Introduction: Minimal residual disease (MRD) monitoring by qPCR is feasible in AML with RUNX1-RUNX1T1 fusion. The absence of RUNX1-RUNX1T1 transcripts is considered as complete molecular remission (CMR). Risk stratification according to MRD is possible and initial studies allocating MRD positive patients to allogeneic stem cell transplantation have been undertaken (Zhu et al., Blood 2013). However, despite CMR about 10% to 30% of patients relapse. In our cohort 90/130 AML patients with RUNX1-RUNX1T1 fusion reached CMR. We analyzed all 17/90 that relapsed following CMR.
Aims: To analyze the frequency, the clinical parameters and the mutational landscape of RUNX1-RUNX1T1 positive AML relapsing after CMR and to gain insights into the clonal evolution.
Patients and Methods: Between 2005 und 2017 we investigated a total of 130 intensively treated AML patients with RUNX1 - RUNX1T1 fusion at diagnosis and at least two follow up samples. We applied quantitative real-time PCR to detect RUNX1-RUNX1T1 / ABL1 ratios with a sensitivity of 0.001%. We identified 17 patients with relapse following CMR and used unique molecular identifier (UMI) based gene panel sequencing to analyze the clonal architecture and evolution of this cohort in comparison to paired results at diagnosis. UMIs were used for digital error suppression to detect minimal variant allele fractions (VAFs) of up to 0.2%.
Results: CMR was reached in 90/130 pts (69%) after a median of 5 months (range 5-45 months). Median event free survival (EFS) of patients with CMR was not reached (EFS at 2 years 82%). However, 17/90 (19%) relapsed during follow up with a median time to relapse of 13 months after CMR (range 4 to 38 months). The ratio of RUNX1-RUNX1T1 / ABL1 was 2.1 fold higher at diagnosis than at relapse with a median of 80 (range 4-508) versus 40 (range 2-501) respectively (n.s.).
For all 17 cases who relapsed following CMR the diagnostic and relapse samples were subject to sequencing of 63 genes known to be mutated in hematologic neoplasms. At diagnosis we identified a total of 27 somatic mutations in 11 different genes co-occurring with RUNX1-RUNX1T1 in 14/17 patients: ASXL1 (n=6 ), ASXL2 (5), KIT (5), NRAS (2), CSF3R (2), FLT3- TKD (2), FLT3- ITD (1), IDH2 (1), KRAS (1), TET2 (1), RAD21 (1), SRSF2 (1). The median number of mutations per patient was 2 (range 0-5). At relapse we identified a total of 13 mutations in 7 different genes in 8/17 patients. 18 mutations in 9 genes (ASXL2, ASXL1, KIT, NRAS, CSF3R, FLT3-TKD, KRAS, RAD21, SRSF2) were lost at relapse and 4 mutations in 3 genes (KIT, PHF6, TET2)were gained at relapse. The median number of mutations per patient at relapse was significantly reduced: Fourteen patients (82%) had at least one mutation at diagnosis and only 9 patients (53%) at relapse (p=0.026). The median variant allele fraction (VAF) of co-occurring mutations at diagnosis was 24% (range 1-24) and 42% (range 3-67) at relapse (1.7 fold, n.s.). Changes in VAF did not reveal an evident general principle, however in some cases the gene with the highest VAF at diagnosis disappeared at relapse suggestive of the selection of a subclone.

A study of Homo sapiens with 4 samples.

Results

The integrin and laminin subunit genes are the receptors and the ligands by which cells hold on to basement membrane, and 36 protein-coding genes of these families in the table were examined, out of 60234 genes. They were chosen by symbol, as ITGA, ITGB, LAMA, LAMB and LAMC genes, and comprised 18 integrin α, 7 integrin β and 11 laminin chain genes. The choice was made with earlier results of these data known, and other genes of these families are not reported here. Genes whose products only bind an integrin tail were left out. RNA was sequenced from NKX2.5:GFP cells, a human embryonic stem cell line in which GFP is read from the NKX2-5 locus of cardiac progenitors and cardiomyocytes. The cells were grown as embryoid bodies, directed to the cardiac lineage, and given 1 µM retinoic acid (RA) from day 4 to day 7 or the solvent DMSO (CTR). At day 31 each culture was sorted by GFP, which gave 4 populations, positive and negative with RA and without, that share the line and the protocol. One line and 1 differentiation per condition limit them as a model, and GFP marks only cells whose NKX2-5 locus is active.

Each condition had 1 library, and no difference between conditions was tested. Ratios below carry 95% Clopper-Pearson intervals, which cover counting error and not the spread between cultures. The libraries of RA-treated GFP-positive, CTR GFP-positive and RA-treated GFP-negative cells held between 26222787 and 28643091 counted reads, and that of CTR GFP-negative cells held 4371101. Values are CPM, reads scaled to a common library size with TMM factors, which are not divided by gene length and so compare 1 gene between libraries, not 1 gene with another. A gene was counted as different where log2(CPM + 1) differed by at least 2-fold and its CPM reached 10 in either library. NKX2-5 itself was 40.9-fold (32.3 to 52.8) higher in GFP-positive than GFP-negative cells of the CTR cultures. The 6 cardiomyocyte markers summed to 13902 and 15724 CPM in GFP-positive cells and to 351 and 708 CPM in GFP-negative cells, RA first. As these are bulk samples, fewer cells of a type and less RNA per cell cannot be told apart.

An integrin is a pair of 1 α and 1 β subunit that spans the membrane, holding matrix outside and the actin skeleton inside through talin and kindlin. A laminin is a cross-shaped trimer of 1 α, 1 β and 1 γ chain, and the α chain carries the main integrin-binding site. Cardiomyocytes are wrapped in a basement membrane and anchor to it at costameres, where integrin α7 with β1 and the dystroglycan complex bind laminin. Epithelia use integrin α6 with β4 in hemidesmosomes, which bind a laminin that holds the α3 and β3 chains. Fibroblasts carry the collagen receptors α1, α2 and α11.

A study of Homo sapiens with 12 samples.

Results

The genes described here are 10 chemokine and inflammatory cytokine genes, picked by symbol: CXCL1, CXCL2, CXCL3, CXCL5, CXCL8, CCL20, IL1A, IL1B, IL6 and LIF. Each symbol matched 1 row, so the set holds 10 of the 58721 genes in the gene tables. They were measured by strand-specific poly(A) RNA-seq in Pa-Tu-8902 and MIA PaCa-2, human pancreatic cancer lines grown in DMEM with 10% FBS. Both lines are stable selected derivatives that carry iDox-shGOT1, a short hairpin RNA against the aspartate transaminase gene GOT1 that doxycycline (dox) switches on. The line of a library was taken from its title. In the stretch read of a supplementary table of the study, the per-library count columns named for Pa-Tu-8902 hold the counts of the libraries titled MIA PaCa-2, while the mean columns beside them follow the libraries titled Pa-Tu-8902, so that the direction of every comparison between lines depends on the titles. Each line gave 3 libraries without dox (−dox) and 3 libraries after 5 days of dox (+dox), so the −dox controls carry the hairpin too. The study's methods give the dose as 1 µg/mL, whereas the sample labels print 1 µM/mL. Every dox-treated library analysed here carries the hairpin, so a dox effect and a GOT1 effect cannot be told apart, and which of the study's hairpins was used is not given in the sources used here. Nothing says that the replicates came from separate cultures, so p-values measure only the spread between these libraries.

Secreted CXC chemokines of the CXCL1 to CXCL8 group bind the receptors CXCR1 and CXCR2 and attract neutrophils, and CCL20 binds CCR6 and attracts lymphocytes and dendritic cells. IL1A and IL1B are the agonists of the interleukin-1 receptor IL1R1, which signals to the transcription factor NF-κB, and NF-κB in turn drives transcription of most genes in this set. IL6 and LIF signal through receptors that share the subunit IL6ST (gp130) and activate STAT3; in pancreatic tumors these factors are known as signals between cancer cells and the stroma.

When analyzed for clonal evolution 13/17 patients (76%) showed a clonal change at relapse: nine of 17 patients (53%) relapsed with an ancestral clone, 3 (17%) with an ancestral clone with evolution and one (6%) with the initial clone with evolution. Four of 17 patients (24%) relapsed with the initial clone.
As control we sequenced the diagnostic sample in 42/90 patients who did not relapse following CMR. A total of 30 mutations were found in 9 genes in 21/42 patients (median=0.5): ASXL2 (25%), TET2 (11%), KIT (10%), NRAS (10%), FLT3- ITD (6%), CBL (5%), ASXL1 (5%), FLT3- TKD (2%), IDH2 (2%). When compared to the 17 patients with relapse following CMR, the presence of an ASXL1 (p=0.0172) mutation at diagnosis and the total number of mutations at diagnosis (median=2 versus median=0.5; p=0.0024) were significantly associated with relapse.
Conclusion: We analyzed the clonal evolution of RUNX1-RUNX1T1 positive AML following CMR. We observed losses and gains of mutations at relapse, but the majority of cases showed a reduction of numbers of mutations. This underscores that RUNX1-RUNX1T1 fusion is the key driver aberration and stable over time. However mutations in ASXL1 and the number of co-mutations at diagnosis is significantly associated with relapse following CMR. This should be considered when tailoring treatment strategies.
Höllein: MLL Munich Leukemia Laboratory: Employment. Nadarajah: MLL Munich Leukemia Laboratory: Employment. Meggendorfer: MLL Munich Leukemia Laboratory: Employment. Fasan: MLL Munich Leukemia Laboratory: Employment. Jeromin: MLL Munich Leukemia Laboratory: Employment. Kern: MLL Munich Leukemia Laboratory: Employment, Equity Ownership. Haferlach: MLL Munich Leukemia Laboratory: Employment, Equity Ownership. Haferlach: MLL Munich Leukemia Laboratory: Employment, Equity Ownership.
Asterisk with author names denotes non-ASH members.